The Awami League party led by Bangladesh Prime Minister Sheikh Hasina predictably won the national election held on Sunday, giving the incumbent leader a record fourth term – and her third consecutive victory.
The AL, which has governed Bangladesh for the last 10 years and had formed a coalition known as the “grand alliance”, won 288 of the 300 seats, handing Hasina a definitive majority. But the win came with election day violence, which caused the deaths of 17 people, and brought allegations of booth rigging.
The opposition coalition, called Jatiyo Oikyo Front, with the main opposition party Bangladesh National Party (BNP), has rejected the election outcome and called for another vote.
Domestically, politics in Bangladesh has been characterised by intense bitterness and personal rivalry between the two major players – Hasina and former prime minister Khaleda Zia, now in jail on corruption charges. Internationally, the country is caught between two equally daunting giants, each with their own strategic agendas.
Casting allegations and aspersions have been a central feature of Bangladesh politics over the last four decades. This latest victory may be challenged, but it is unlikely that there will be any significant change to the outcome of the polls. It is also evident that Prime Minister Hasina and her team will steer Bangladesh for another five years, and consolidate the substantive socio-economic progress it has made over the last decade.
With a population of more than 160 million, Bangladesh (formerly East Pakistan) is a populous Muslim state that was created in 1971 after its citizens were subjected to ethnic and political discrimination by the military rulers of West Pakistan, leading to a genocide that resulted in the death of three million people, according to Dhaka’s official figures.
India midwifed the birth of Bangladesh, effectively altering the political map of South Asia in a definitive manner.
The early years were bloody and the founder of the nation, Hasina’s father Sheik Mujibur Rehman, was assassinated in August 1975, plunging the country into years of turmoil and military rule until the AL, led by his daughter won its first poll. Hasina became Bangladesh’s leader in 1996.
At the time, the country’s gross domestic product stood at US$46 billion with a per capita income under US$400, making Bangladesh a “basket-case”.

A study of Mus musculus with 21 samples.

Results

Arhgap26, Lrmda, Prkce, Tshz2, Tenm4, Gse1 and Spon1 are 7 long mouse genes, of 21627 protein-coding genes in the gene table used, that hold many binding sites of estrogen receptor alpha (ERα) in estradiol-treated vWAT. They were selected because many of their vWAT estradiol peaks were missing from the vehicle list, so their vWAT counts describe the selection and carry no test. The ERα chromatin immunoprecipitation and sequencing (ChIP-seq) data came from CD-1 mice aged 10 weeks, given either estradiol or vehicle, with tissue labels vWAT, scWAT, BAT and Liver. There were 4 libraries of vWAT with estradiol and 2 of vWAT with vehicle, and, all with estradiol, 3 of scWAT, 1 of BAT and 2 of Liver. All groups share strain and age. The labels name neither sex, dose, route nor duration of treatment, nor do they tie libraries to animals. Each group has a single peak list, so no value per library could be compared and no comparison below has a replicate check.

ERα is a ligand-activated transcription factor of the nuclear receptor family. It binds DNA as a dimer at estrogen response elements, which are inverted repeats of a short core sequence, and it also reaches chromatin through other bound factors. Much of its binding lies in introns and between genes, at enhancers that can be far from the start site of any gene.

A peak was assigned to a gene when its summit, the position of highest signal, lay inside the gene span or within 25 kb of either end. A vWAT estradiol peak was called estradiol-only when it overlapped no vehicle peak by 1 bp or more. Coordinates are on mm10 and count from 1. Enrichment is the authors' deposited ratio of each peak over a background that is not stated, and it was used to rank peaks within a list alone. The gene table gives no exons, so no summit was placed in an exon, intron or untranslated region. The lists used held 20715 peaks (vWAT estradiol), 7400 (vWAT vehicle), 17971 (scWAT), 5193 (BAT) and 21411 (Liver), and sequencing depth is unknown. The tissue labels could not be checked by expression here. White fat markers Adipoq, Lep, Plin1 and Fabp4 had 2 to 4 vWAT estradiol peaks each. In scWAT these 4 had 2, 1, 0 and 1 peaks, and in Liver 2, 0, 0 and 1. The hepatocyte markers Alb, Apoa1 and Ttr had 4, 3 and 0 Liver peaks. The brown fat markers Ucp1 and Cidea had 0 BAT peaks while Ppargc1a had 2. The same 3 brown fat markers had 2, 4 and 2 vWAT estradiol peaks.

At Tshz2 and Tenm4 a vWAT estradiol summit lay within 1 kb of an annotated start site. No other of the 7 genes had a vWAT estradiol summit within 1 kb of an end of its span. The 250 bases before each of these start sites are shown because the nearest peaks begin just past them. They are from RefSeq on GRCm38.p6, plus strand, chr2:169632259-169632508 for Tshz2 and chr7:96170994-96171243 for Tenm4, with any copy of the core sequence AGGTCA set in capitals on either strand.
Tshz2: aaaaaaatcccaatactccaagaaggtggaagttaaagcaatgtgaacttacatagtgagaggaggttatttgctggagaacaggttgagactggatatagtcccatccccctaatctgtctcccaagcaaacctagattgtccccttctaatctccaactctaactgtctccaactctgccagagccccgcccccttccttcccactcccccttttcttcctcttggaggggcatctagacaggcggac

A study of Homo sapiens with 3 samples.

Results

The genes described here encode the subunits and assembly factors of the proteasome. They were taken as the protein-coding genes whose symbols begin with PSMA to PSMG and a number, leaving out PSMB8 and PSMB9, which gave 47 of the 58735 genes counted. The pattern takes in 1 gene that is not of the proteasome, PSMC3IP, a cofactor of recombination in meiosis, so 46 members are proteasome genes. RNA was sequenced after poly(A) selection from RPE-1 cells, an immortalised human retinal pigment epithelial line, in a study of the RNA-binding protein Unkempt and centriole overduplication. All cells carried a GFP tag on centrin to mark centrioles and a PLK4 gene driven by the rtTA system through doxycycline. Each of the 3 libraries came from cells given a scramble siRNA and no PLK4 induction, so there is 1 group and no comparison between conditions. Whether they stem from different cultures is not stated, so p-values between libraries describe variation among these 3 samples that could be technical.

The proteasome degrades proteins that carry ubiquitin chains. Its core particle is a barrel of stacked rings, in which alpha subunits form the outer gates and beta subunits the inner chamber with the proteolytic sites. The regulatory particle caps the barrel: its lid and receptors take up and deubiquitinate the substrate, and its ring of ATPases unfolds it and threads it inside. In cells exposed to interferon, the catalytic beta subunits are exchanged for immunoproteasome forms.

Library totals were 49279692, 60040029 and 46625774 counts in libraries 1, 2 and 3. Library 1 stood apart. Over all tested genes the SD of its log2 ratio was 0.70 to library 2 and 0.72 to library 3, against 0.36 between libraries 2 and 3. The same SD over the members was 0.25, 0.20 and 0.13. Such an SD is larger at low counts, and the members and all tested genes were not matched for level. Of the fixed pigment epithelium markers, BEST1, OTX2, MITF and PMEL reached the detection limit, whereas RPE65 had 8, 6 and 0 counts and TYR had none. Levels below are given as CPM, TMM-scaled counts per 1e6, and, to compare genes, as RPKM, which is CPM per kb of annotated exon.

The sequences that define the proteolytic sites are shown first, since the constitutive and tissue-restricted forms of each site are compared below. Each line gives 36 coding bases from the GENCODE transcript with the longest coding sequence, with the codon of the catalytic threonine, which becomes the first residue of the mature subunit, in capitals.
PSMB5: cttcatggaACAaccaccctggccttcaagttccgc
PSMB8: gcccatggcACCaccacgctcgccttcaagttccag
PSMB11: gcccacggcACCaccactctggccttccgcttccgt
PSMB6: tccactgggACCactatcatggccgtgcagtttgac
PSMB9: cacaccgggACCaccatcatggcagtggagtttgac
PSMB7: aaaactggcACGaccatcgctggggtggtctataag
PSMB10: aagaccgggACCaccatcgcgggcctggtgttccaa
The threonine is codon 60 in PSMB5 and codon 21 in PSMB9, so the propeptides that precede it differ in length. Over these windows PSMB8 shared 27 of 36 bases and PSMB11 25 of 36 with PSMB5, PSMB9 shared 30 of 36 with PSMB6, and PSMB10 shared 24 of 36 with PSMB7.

To her credit, Hasina was able to nurture a domestic ecosystem that enabled steady economic growth. GDP is now US$265 billion and per capita income is US$1,620.
More importantly, however, Hasina has dealt firmly with extremist and Islamic fundamentalist forces, which killed her father. BNP has been accused of supporting such extremist groups, thereby stoking the bitter political divide.
Consequently, Hasina has been accused of being authoritarian and engaging in a personal vendetta against Khaleda Zia, but the reality is that the AL offers the more viable option for Bangladesh to emerge as a relatively moderate Islamic state with the most promising socio-economic and human security indicators in South Asia and the Muslim world.
The current challenges for Hasina are to consolidate her domestic agenda and balance her country’s relations with India and China – the neighbouring giants. While India enabled the creation of Bangladesh, it is a complex relationship with a number of areas of discord, including illegal immigration.
Hasina has been able to maintain an inherent empathy with New Delhi, even while forging a robust relationship with Beijing. Currently, China is Bangladesh’s major trading partner and top military supplier, and this in turn has implications for India. For example, Bangladesh will soon operate submarines bought from China, making the naval dynamic in the Bay of Bengal more crowded.
For Beijing, the geography of Bangladesh is an attractive strategic determinant, and one that is part of Xi Jinping’s flagship Belt and Road Initiative, which has identified Dhaka as an important node and promised a US$24 billion investment.
But Hasina remains cautious about China’s pledge, after the experience of Malaysia, Sri Lanka and the Maldives and an alleged debt-trap.
Undoubtedly, the critical relationship for Dhaka is the one with New Delhi and recently there has been an unstated appreciation that Bangladesh is actually India’s most important regional neighbour, not Pakistan.
India needs to orient itself in such a manner that Dhaka does not have to make a binary choice – an either-or choice in relation to its neighbouring giants. India should also remember Bangladesh is a nation that symbolises equitable socio-economic growth, has a democratic ethos and a moderate Islamic DNA that protects its minorities and is gender sensitive.
For China, the most desirable long-term outcome would be to manage its relations with Dhaka in such a manner that Indian anxieties are assuaged and a regional win-win framework linking China-Bangladesh-India is a possibility. In its most desirable extension, this could well be the template for the currently discordant China-Pakistan-India triangle.